St. Mary the Virgin, Wirksworth was founded, according to some traditions, by the Saxon missionary Betti in the 600s AD. There has probably been a church on this site since the time of Edward the Confessor (1042–66).
One of the most impressive remains from the original church is the Saxon coffin lid, dating from around 800. It shows scenes from the life of Christ and the Virgin Mary depicted in an almost comic strip form.
There is an early medieval carving of a lead miner built into the south transept wall. This is the oldest of its kind in the world. Also in this church is a massive Norman font.
The present church dates largely from the 1200s to 1400s. There were then many alterations in the 1800s. The north transept stained glass window by Morris and Burne-Jones was added in the early 1900s. Just below this is a collection of Saxon and Norman fragments built into the wall.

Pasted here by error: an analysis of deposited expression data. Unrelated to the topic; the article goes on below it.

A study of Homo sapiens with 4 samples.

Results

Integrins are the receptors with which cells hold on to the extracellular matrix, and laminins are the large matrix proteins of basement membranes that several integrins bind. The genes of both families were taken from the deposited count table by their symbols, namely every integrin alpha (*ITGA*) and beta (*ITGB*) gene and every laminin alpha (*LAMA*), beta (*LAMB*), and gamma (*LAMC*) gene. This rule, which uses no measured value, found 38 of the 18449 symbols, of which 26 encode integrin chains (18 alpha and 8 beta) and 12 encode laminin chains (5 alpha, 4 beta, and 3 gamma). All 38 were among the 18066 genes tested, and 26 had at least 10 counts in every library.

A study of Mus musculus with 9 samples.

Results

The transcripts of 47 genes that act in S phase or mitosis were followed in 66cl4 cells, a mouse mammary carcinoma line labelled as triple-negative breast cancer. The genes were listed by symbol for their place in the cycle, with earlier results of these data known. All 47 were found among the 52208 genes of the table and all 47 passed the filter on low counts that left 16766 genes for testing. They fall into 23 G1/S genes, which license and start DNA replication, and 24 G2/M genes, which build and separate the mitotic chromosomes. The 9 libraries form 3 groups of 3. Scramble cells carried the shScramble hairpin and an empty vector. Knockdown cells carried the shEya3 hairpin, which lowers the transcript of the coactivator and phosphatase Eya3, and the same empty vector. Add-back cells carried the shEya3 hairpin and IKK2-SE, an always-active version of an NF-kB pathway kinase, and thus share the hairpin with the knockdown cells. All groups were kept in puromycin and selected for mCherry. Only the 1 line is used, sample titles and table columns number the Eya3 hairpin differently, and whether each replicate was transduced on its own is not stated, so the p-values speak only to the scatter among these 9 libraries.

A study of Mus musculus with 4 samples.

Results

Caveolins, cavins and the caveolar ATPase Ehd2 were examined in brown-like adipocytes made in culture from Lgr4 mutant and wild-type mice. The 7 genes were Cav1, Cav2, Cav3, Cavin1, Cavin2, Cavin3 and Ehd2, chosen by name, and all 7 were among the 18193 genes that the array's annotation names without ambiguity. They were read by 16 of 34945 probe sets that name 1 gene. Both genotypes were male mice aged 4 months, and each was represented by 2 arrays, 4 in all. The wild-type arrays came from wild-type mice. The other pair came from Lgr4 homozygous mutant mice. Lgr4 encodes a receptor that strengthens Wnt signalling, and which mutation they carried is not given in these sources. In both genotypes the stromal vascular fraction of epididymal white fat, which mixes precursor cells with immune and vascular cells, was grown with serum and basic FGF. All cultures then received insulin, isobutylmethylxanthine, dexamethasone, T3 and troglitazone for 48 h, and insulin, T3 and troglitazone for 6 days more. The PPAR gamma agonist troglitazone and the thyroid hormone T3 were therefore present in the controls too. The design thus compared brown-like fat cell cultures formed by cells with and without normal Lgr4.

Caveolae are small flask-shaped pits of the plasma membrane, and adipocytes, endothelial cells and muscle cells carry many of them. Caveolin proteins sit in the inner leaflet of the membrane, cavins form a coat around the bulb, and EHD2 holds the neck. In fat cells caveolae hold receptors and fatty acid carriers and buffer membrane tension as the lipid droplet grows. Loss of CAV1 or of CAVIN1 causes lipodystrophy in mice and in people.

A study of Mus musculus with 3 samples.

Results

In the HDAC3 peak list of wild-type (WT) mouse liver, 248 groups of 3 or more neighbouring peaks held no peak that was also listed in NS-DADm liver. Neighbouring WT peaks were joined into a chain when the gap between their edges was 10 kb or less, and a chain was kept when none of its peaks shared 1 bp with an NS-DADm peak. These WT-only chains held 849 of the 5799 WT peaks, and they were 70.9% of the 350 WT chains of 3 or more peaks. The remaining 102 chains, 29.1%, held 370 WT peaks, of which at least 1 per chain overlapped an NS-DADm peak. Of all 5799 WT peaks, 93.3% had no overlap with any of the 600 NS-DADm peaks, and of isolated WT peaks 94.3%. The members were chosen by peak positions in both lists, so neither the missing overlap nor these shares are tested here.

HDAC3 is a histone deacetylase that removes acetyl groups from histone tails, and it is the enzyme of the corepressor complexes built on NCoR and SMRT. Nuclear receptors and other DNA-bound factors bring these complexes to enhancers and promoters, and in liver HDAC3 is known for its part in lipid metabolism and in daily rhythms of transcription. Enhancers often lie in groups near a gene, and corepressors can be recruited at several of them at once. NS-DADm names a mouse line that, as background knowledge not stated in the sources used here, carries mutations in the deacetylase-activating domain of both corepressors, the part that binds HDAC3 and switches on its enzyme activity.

Every year, on the Sunday after 8 September, the congregation observes the ancient custom of clypping. The worshippers join hands all the way around their building to encircle the church. The church is generally kept open and has some excellent visitor guides inside for adults and children.
As the records for this church are larger than a web page table would permit, I have included them as a downloadable PDF file.
Please view or download from HERE
These Memorial Inscriptions appear by kind permission of the Derbyshire Family History Society. Their website is located HERE. Books, fiches and other materials on Belper, as well as other Derbyshire districts, may be obtained from the Society.